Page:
Swiss government proposes steps away from neutrality

Swiss government proposes steps away from neutrality

Tue, Jul 19th 2022

Why Russia is threatening to sue a Swiss newspaper, when Covid will peak across the country, and more in our roundup of Swiss news from July 16 – 19.

The draft of the collaborative neutrality proposition allegedly came from President Ignazio Cassis’ office.

Should Switzerland try ‘collaborative neutrality?’

A local newspaper this week published a draft copy of a ministry report proposing the country relax some of its rules around exporting weapons to other countries who intend to send them onto countries engaged in war. The issue has made headlines twice this year as Switzerland refused to send ammunition and tanks to Germany and Poland because the countries intended to send them onto Ukraine. Such an act is currently prohibited under Switzerland’s neutrality laws, particularly its War Materials Act. Proponents of the step away from neutrality say the changes should be adopted before the end of summer. Critics of the move say Switzerland’s security would no longer be guaranteed under this form “collaborative neutrality.” Read more.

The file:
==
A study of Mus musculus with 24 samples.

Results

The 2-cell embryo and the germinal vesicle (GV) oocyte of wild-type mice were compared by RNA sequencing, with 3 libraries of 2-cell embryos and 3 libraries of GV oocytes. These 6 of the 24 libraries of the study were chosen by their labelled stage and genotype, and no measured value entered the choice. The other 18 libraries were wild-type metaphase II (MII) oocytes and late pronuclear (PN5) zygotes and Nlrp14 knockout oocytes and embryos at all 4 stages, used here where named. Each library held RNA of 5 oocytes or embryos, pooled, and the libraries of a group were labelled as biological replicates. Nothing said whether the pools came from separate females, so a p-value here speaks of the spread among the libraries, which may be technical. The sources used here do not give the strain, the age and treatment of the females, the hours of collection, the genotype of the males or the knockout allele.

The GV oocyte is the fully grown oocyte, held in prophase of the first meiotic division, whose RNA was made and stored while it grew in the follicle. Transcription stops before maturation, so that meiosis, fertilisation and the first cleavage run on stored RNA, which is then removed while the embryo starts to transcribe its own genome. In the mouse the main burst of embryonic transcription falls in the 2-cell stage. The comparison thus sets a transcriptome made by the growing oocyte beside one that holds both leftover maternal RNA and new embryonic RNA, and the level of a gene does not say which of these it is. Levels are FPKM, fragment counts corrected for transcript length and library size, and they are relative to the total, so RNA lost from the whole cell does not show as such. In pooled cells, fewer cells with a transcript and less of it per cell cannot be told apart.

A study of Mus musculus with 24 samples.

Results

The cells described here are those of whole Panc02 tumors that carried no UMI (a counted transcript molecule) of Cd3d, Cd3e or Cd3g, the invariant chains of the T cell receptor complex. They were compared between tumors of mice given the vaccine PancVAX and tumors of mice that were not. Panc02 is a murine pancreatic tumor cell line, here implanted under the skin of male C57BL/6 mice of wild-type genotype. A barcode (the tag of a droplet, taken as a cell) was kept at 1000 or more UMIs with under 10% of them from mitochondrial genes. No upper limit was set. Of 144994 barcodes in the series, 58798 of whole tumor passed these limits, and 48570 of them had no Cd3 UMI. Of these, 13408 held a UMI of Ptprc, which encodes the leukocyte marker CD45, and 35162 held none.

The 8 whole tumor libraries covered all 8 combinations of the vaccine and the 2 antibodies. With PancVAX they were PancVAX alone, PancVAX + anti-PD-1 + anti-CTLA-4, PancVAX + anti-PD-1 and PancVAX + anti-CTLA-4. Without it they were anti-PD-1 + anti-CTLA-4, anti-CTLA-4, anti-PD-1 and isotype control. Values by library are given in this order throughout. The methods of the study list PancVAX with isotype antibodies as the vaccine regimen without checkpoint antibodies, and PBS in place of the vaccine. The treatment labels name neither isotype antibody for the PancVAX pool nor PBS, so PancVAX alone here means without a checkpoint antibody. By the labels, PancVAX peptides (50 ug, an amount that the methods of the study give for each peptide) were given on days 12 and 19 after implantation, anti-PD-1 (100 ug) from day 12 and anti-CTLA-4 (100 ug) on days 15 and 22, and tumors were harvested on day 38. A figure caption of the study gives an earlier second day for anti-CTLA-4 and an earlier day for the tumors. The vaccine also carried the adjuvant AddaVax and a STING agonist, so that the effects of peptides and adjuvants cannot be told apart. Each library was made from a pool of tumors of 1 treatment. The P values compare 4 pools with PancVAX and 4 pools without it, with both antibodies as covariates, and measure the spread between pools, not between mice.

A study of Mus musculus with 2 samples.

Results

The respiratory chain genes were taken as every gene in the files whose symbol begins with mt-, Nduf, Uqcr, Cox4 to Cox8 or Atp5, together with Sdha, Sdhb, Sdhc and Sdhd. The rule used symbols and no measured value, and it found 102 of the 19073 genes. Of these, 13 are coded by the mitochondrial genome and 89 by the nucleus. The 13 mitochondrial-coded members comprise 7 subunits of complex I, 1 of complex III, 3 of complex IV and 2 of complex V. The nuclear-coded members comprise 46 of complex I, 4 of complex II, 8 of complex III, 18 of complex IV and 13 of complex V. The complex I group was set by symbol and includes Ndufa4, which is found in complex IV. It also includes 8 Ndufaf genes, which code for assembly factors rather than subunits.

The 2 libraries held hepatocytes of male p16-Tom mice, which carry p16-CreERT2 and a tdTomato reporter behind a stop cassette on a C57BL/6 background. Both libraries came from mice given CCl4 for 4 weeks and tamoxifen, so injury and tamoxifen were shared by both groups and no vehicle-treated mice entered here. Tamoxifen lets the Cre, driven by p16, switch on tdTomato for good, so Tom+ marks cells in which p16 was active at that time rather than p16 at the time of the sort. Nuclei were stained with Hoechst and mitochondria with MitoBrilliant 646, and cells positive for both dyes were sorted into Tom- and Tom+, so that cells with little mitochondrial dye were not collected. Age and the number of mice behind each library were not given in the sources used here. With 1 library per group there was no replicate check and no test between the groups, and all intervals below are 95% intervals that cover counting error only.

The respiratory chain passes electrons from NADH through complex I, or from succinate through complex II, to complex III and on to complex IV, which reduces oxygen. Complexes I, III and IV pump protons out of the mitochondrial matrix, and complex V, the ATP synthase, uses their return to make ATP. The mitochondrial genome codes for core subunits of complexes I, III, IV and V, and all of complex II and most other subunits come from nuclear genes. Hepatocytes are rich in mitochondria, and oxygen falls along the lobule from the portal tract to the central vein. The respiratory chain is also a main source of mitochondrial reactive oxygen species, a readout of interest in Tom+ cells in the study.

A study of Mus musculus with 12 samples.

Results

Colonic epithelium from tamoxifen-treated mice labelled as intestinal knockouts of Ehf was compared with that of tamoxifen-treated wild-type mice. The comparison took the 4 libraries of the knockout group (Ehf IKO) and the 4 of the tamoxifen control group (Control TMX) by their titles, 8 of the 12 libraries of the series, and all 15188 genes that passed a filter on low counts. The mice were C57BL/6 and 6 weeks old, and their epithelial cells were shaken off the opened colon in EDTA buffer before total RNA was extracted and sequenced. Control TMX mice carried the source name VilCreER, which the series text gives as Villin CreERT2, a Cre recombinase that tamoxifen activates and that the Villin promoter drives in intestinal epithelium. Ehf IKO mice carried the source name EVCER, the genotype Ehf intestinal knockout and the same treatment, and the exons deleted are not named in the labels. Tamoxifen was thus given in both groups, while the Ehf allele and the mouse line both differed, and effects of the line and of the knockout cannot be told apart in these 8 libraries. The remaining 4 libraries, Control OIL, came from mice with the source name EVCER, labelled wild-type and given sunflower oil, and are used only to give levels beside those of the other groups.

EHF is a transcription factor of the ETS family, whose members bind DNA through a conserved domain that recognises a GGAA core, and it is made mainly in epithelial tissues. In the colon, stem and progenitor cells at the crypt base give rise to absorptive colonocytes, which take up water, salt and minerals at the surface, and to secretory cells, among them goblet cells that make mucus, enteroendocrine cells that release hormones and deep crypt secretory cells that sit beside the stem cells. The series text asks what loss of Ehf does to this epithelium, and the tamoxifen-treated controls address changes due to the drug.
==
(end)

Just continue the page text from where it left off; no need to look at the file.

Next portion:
Amid war, Switzerland is pushed to define neutrality

Russia says it will sue Swiss newspaper

The Russian embassy in Bern this week sent a letter to a local German newspaper NZZ threatening the editor-in-chief that it “reserves the right” to sue for defamation of President Vladmir Putin. The threat is in response to the newspaper publishing a political cartoon of Putin dressed as a red-nosed clown. The letter from the Russian embassy stated “If we talk about clowning, it would be much more appropriate” to feature “the former Ukrainian comedian Volodymyr Zelensky.” Read more.

Why treating wounded Ukrainians violates Switzerland’s neutrality

Despite Swiss cantons expressing their willingness to treat Ukrainians wounded in the war, federal authorities say it would violate the international laws surrounding Switzerland’s neutrality. The original request to treat wounded Ukrainians was made by the Euro-Atlantic Disaster Response Coordination Center, a department of NATO that coordinates medical evacuations. Both the Geneva Convention and the Hague Agreement of 1907 stipulate that neutral countries cannot rehabilitate soldiers. While some Swiss objected citing that they could at least treat wounded civilians, government officials say that they have no way of clearly discerning civilians from soldiers. Read more.

Covid to peak in August in Switzerland

Switzerland’s number of Covid cases will peak in “two to four weeks” according to Huldrych Günthard, University Hospital Zurich’ professor of infectious diseases. In the span of last week nearly 56,000 new cases were reported. Luckily, the current Omicron sub-variants in rotation do not lead to serious complications in the majority of cases. Read more.